Posted on 23 Dec 2009
Companies are alarmed at potentially costly provisions in the Senate health-care bill, many of which they hope will be scrapped during a final round of negotiations early next year.
A scramble to massage the hefty measure, instead of pushing to kill it, reflects the view of many in the business community that a sweeping remake of the U.S. health-care system now appears inevitable.
The U.S. Chamber of Commerce is among a few big business groups calling for Congress to scrap the overhaul effort.
Business is worried that President Barack Obama's push to extend coverage to millions more Americans will raise the burden on employers. Business groups have widely criticized the 2,074-page Senate bill, which looks set for passage on Christmas Eve. They also have offered a variety of fixes.The legislation's scale and complexity, plus uncertainty over how the Senate bill will be meshed with the version that passed the House in November, make it difficult for most companies to gauge the effect it will have on the bottom line.
"We're still committed to the notion that health reform can be done right, but I know of no company that is warmly embracing what is in either the House or Senate bills," said Paul Dennett, top health-care adviser to the American Benefits Council, an advocacy group for large employers.
With all eyes now turning to House-Senate negotiations over a final bill expected next month, corporate lobbyists are jockeying for modifications that will buffer the impact.
Retailers want a longer delay before new employees qualify for company-subsidized benefits. Big employers such as Caterpillar Inc., Boeing Co. and Xerox Corp. want to modify Medicare tax provisions in the Senate bill that would cut their earnings. Small construction companies want an exemption from employee coverage that the Senate bill already applies to other businesses with fewer than 50 employees.
Across the spectrum, businesses worry that a series of new taxes and fees to pay for expanding health-care coverage will push up premiums, particularly for smaller employers.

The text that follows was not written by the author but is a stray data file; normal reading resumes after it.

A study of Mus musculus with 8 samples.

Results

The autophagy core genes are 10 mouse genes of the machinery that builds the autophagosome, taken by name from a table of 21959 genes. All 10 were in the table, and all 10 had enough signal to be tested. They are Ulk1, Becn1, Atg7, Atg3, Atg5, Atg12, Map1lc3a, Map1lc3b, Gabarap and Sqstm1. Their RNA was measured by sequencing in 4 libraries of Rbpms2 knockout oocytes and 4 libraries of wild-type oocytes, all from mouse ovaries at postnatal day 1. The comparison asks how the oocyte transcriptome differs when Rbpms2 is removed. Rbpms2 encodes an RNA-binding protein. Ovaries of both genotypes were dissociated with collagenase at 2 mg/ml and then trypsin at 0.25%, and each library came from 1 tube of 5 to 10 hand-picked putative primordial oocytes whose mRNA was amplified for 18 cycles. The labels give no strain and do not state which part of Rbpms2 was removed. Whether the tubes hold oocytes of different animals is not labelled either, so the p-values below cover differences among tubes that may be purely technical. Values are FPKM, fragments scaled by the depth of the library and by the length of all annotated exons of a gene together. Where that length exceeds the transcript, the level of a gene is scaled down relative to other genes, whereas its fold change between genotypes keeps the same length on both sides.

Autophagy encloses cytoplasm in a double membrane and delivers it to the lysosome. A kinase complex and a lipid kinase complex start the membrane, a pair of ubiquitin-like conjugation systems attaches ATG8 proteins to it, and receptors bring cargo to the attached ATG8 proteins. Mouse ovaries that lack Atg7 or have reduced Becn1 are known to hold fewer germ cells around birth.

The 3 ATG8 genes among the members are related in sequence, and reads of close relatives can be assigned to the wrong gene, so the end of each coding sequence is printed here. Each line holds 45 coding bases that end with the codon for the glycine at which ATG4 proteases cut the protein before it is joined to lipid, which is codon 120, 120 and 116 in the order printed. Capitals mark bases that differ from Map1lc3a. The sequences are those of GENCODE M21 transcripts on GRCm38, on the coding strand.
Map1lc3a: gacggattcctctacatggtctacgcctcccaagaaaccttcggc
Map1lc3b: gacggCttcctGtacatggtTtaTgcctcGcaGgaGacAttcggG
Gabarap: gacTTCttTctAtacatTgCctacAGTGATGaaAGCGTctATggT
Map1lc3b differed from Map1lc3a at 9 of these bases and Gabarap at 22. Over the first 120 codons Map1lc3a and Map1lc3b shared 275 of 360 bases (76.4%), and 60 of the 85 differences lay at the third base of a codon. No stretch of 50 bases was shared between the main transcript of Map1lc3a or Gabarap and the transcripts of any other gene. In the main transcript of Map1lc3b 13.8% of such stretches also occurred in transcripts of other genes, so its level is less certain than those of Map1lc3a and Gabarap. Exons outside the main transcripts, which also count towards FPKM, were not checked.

The Senate bill calls for a nearly $70 billion tax over 10 years on insurance companies, plus a $2 billion-a-year tax on medical devices. Billions of dollars are also meant to be raised from added taxes and fees on wealthier seniors, higher-end insurance plans and tanning salons.
Companies of all sizes have been increasingly burdened by health-care costs, which topped $400 billion in 2007, according to data from the Employee Benefit Research Institute. Unrestrained, that figure is expected to double by 2017. About 70% of workers receive health insurance through their employers.
Groups representing smaller businesses say the threat of increased taxes and premiums could outweigh provisions intended to limit the impact on small employers. The Senate bill "will not only fail to reduce and control the constantly climbing health-care costs small-business owners face, but it will result in new and greater costs on their business," said Dan Danner, head of the National Federation of Independent Business.
Not all companies agree. David Ickert, vice president of finance for Air Tractor Inc., which produces airplanes used in agriculture and firefighting, said that from his analysis, the bill would have "no negative impact" on his operations. The company, based in Olney, Texas, employs about 200 people.
Under the Senate bill, most businesses with fewer than 50 workers will be exempt from penalties if they don't offer employee coverage. Larger companies would face fines as high as $750 per worker if even one employee seeks federal help to buy a policy.
Democrats say a package of tax credits within the Senate bill will reduce costs for small businesses. Small businesses that qualify would get a 25% tax credit to help pay for employee coverage. The legislation would also allow small businesses to band together to seek coverage at costs similar to those of much larger companies.
Large companies that fund their own insurance have been relatively positive about the Senate bill, which is much less prescriptive than the House bill and doesn't contain a government-run insurance plan. Still, large companies cite a list of concerns.
A top gripe is that the Senate bill would alter the tax rules that affect big companies providing prescription-drug benefits to their retired workers. Under the law earlier this decade creating a drug benefit in Medicare, companies that continued to provide such benefits qualified for a 28% tax-free subsidy. The Senate bill would tax that subsidy.
A spokesman for Caterpillar said, "The financial impact would be significant for Caterpillar, particularly in the first year."
Martin Reiser, a Washington representative for Xerox and chairman of the National Coalition on Benefits, said another big concern was "whether a lot of the provisions meant to contain [health-care] costs will actually do so. If they don't work -- and we won't know for years -- then the bill is a failure."